Discovered at the tender age of four while performing at a state fair, out actor Chad Allen has in the 32 years since then channeled his talents into a successful career on stage, television and film. His most recent movie, the acclaimed Hollywood, Je T’aime, makes its DVD debuton Wolfe Video today. The Los Angeles-based Allen generously took time out from his increasingly busy schedule to chat with Reverend exclusively for Movie Dearest.
“My parents weren’t show business people but always encouraged us,” Allen said, referring to his twin sister Charity in addition to himself. “Soon after being discovered, I did commercials and then TV, including St. Elsewhere.”
Allen played the recurring role of Tommy Westphall on the hit 1980’s drama. Westphall was an autistic boy who, it was revealed in the show’s final episode, envisioned the entire series in his mind. Allen made his biggest splash on television as Matthew Cooper on Dr. Quinn, Medicine Woman.
“I was cast in the pilot (of Dr. Quinn) but didn’t expect the show to last,” Allen recalls. “It ran for six years (1993-1998) and paid for my college education.”
Almost as soon as Dr. Quinn went off the air, Allen declared his homosexuality publicly. Allen had been rumored to be gay for several years and decided to acknowledge it rather than cover it up. At the time, Allen said of the decision to come out: “I don’t know if it’s as damaging on a public level, but I’m certain it’s damaging on a personal level. I’m absolutely certain that forcing any young person or not-so-young person into dealing with the issue when they aren’t ready to or simply don’t want to is damaging to the soul. It’s just not right.”
The actor, who has been partnered for the last 4 ½ years, utilized much of his experience as a previously closeted man in the 2007 film Save Me. In it, Allen and Robert Gant, another out actor, play gay men trying to overcome their homosexual desires at a Christian “conversion” camp. Instead, the two fall in love.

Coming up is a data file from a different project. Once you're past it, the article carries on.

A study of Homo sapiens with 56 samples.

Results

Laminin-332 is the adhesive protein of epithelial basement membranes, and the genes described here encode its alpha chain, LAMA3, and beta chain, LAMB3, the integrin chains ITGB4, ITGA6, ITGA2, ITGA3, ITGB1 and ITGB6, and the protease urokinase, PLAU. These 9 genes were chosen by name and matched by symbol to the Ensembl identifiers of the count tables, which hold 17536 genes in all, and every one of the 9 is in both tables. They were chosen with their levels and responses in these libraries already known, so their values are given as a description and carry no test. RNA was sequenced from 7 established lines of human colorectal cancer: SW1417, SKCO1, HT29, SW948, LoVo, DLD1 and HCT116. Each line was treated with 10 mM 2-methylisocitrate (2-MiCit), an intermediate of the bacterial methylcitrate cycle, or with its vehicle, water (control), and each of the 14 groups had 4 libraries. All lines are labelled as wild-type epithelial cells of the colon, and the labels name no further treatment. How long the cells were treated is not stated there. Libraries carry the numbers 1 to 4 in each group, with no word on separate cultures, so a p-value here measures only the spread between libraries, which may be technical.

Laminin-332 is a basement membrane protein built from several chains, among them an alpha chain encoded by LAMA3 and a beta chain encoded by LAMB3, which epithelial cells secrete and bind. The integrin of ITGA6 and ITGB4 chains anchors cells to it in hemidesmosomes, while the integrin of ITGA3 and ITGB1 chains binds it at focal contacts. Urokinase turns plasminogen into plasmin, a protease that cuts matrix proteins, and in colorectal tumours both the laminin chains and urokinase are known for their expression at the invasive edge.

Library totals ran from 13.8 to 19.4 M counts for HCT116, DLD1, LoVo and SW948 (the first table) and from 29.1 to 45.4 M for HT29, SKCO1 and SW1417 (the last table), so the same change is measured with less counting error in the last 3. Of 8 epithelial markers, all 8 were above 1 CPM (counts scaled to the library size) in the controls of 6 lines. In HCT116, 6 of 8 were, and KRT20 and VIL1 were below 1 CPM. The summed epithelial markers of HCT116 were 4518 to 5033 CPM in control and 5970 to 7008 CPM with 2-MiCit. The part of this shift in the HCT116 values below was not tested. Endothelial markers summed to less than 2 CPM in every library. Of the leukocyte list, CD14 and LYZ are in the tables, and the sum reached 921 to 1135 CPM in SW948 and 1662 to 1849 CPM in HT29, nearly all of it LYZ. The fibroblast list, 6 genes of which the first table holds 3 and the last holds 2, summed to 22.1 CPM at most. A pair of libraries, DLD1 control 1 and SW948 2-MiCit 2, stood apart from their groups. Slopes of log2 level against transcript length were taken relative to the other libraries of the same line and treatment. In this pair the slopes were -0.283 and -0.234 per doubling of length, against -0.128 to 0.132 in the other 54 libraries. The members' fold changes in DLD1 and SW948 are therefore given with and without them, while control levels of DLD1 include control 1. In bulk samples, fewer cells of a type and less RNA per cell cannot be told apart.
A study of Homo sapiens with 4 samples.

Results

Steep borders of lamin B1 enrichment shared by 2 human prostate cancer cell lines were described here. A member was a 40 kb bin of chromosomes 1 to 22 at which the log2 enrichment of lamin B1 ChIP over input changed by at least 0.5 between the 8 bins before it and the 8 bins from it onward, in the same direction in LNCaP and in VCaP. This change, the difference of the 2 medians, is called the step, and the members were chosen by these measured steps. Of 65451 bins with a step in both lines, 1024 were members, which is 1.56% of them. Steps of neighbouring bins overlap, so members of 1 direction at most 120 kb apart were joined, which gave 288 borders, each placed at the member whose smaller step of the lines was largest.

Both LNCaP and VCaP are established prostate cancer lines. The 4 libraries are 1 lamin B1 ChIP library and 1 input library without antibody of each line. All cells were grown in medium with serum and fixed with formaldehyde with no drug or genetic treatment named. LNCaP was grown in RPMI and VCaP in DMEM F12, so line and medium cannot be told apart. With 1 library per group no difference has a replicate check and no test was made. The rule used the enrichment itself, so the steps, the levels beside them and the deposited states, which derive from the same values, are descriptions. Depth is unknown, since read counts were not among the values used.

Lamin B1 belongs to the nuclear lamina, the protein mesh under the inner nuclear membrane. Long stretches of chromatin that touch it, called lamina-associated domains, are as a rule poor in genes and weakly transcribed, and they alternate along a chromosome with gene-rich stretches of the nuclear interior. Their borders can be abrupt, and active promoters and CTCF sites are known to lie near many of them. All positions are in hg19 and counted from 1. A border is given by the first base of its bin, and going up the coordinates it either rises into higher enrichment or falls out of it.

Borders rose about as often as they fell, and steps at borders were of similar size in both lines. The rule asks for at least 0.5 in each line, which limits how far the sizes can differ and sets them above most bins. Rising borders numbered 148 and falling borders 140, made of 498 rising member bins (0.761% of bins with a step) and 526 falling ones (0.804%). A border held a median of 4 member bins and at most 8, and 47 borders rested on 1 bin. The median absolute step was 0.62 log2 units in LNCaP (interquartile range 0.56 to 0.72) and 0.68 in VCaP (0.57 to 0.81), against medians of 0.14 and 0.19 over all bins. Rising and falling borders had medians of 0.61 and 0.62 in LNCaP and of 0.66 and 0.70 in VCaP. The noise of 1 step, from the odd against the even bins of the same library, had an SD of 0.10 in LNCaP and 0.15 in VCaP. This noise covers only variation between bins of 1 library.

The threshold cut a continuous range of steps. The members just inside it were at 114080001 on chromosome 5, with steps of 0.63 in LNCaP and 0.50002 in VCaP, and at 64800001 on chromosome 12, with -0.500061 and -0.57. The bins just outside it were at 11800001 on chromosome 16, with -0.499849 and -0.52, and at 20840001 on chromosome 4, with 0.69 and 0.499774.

In reflecting on how the motion picture industry has changed in its treatment of GLBT subjects during the course of his career, Allen says, “For actors, it has changed tremendously. It is today a much more hospitable place for gay — even openly gay — actors. Much of the change has been over the last ten years.”
He continued, “The downside is that as gay characters and stories have become more mainstream, GLBT independent films have been on the decline. I hope we get to the point where we can have both (mainstream and independent films with gay characters/stories).”
Allen cites the Oscar-winning Brokeback Mountain (2005) as a watershed moment in Hollywood. “Until Brokeback, there was a huge fear or belief that you couldn’t tell a story with a gay hero and have it make money. A well-made movie with a good story trumps everything. It’s not just a victory for gay rights; it’s a victory for humanity.”
Partly due to the success of Hollywood Je T’aime to that end, Allen is proud of his work in his most recent film. He plays Ross, a drug-dealing, HIV+ denizen of West Hollywood who develops a relationship with a French man visiting California over the Christmas holiday.
“It’s a very simple story,” Allen said of what attracted him to the project. “I really love European movies for the simplicity of the story. It really respects the viewer’s intelligence. Also, I had never played an HIV+ character. I have so many friends with HIV, so I wanted to honor them in some way.”
Allen has also gained something of a cult following with his ongoing role as gay private eye Donald Strachey. Thus far, the series of direct-to-DVD movies consists of Third Man Out, Shock to the System, On the Other Hand, Death and Ice Blues. “There are two more Strachey books to be made into films,” Allen reveals. “I love the character and the relationship between him and his partner. I love that Strachey is a mess and can’t really keep his life together, but he always gets things done one way or another.”
I had the privilege of seeing Allen perform last year in the Pasadena Playhouse production of Looped, opposite Valerie Harper as the legendary Tallulah Bankhead. I asked Allen whether a New York production of the play was a possibility. He replied, “It’s on hold for now due to political issues I don’t begin to understand.” Since I spoke with him, however, a New York run with Harper reprising her role has been announced. Allen’s involvement is apparently yet to be determined.
At the time of our conversation, Allen was working hard on his new film, Spork, named after the spoon-fork combo. The film “follows a 14-year old intersex child,” according to Allen, who is producing the film as well as starring in it. “It’s an over-the-top comedy but also very poignant. If all goes well, it will be out in 2010.”
When he isn’t acting or producing, Allen serves as a member of the Honorary Board of Directors of the Matthew Shepard Foundation and supports a number of other GLBT projects. He is passionately committed to marriage and full equal rights for GLBT people.
Chad Allen in The Back Room (NSFW).
Interview by Rev. Chris Carpenter, resident film critic of Movie Dearest and the Orange County and Long Beach Blade.